New Advice for Journalists covering public disorder 2021
Safety advice during public disorder
BELFAST AND DISTRICT NUJ Branch has produced the following revised advice for journalists covering public disorder.
BEFORE COVERING any demonstration, which could lead to public disorder, riots, petrol bombings or shootings, time spent on preparation usually pays off in keeping safe and getting good pictures/stories.
Research and preparation
- Check demonstration times and route with the organisers and police press office. Find out about: feeder marches, expected numbers, speakers, expected problems, any counter demonstrations, flashpoints, marshalling.
- Always carry a printed map (in case of poor mobile coverage) and Google map to check alternative routes and exit points.
- Leave time to drive or walk the route to check positions for good pictures, trouble spots, level of policing, exit routes.
- If parking a car, think carefully where you leave it.You might need to get out in a hurry. Park too close to the demonstration or public disorder and your car could get damaged, blocked, hijacked, burned.
- If freelance on commission, are you insured by the media organisation?
- Wear comfortable strong walking boots or industrial shoes.
- Wear strong, tight-fitting clothing which allows you to move about freely. Dress appropriately for the weather.
- Have a checklist: equipment charged, mobile phone, flash, batteries, bodycam, memory cards, lenses, laptop, dongle, broadband/internet access, NUJ press card, driving licence, water, energy bars. etc.
- Carry only a small camera bag with the minimum amount of equipment so you can move quickly. Do not carry a step ladder; it can be used to assault you or others.
- Shin guards, kneepads, body armour, helmet, gas mask, protective goggles - all or some may be worth thinking about.
- Let someone know where you are, what you are covering, when you are going, when will you be back. If working to a news desk or picture desk, update them regularly.
At the demonstration
- Enter a situation carefully and openly. Talk to people, and always be willing to show your press card to whoever wants to check your credentials. Short courteous conversations on the way in can give you useful local information and if things turn difficult may help you on the way out.
- At large demonstrations or public disorder events a police liaison or press office person may be present and can be helpful.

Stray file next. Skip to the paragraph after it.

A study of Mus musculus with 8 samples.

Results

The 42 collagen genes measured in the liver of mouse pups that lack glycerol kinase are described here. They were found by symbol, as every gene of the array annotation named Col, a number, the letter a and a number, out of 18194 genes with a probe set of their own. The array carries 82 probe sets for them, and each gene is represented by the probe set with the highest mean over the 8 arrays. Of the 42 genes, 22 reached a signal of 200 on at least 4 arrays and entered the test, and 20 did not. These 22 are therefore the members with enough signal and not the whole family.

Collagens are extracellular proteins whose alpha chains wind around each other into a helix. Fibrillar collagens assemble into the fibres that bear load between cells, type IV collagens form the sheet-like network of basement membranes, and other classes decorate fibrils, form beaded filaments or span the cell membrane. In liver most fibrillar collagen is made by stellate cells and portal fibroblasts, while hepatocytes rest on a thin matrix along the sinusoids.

- Be aware of what's going on around you while working. There's a world outside the viewfinder and trouble can come from behind as well as in front.Women journalists should be aware that there havebeen increased incidents of gender targeting and of threatening, abusive and/or patronising and marginalising behaviour at some events.
- When working you should not be taking part in the demonstration. At all times you should be distinct from the protesters.
- Take care when working alongside or near the police as the demonstrators may mistake you for a police photographer.
- Always assess where the greatest risk is and remember that this could change. Factors to consider: rioters, counter rioters, police officers, members of the public, other journalists, police crowd control measures, kettling/encircling, use of thrown objects, petrol bombs, firearms, riot shields, police batons, truncheons, tasers, charging horses, plastic baton rounds, water cannon, armoured vehicles, CS gas, pepper spray, etc.
- Do not respond to provocation. If verbally or physically threatened please note the incident and advise the PSNI and the NUJ.
- Carry your press card in an accessible place not on a lanyard and use it to identify yourself as a legitimate news gatherer.
- Carry your cameras openly and act professionally as a journalist. Always remember that how you conduct yourself can cause problems not only for you but also for other media workers.
- Keep an eye on fellow journalists/photographers in case they need help.
- Always work in such a way that if something happens you can extract yourself.
- Avoid use of social media when on location at public disorder events because it could increase your risk.
- The police have no authority to delete or confiscate journalistic material.
- Observe government health and safety guidelines when applicable (for example, be covid regulation compliant).
- Inform the NUJ and your employer or client of any concerns or adverse incidents that happened.
- NUJ solicitors Thompsons operate a 24-hour emergency number for work-related criminal matters.
- The Dart Center for Journalism and Trauma website has extremely useful information and advice from experienced journalists on looking after yourself, including Self-Care & Peer Support.
- No story is worth a life. Take care and stay safe.
Remember the American tank commander Sgt. Oddball (played by Donald Sutherland) in Kelly's Heroes: "I always like to get out of trouble, as quickly as I got into it."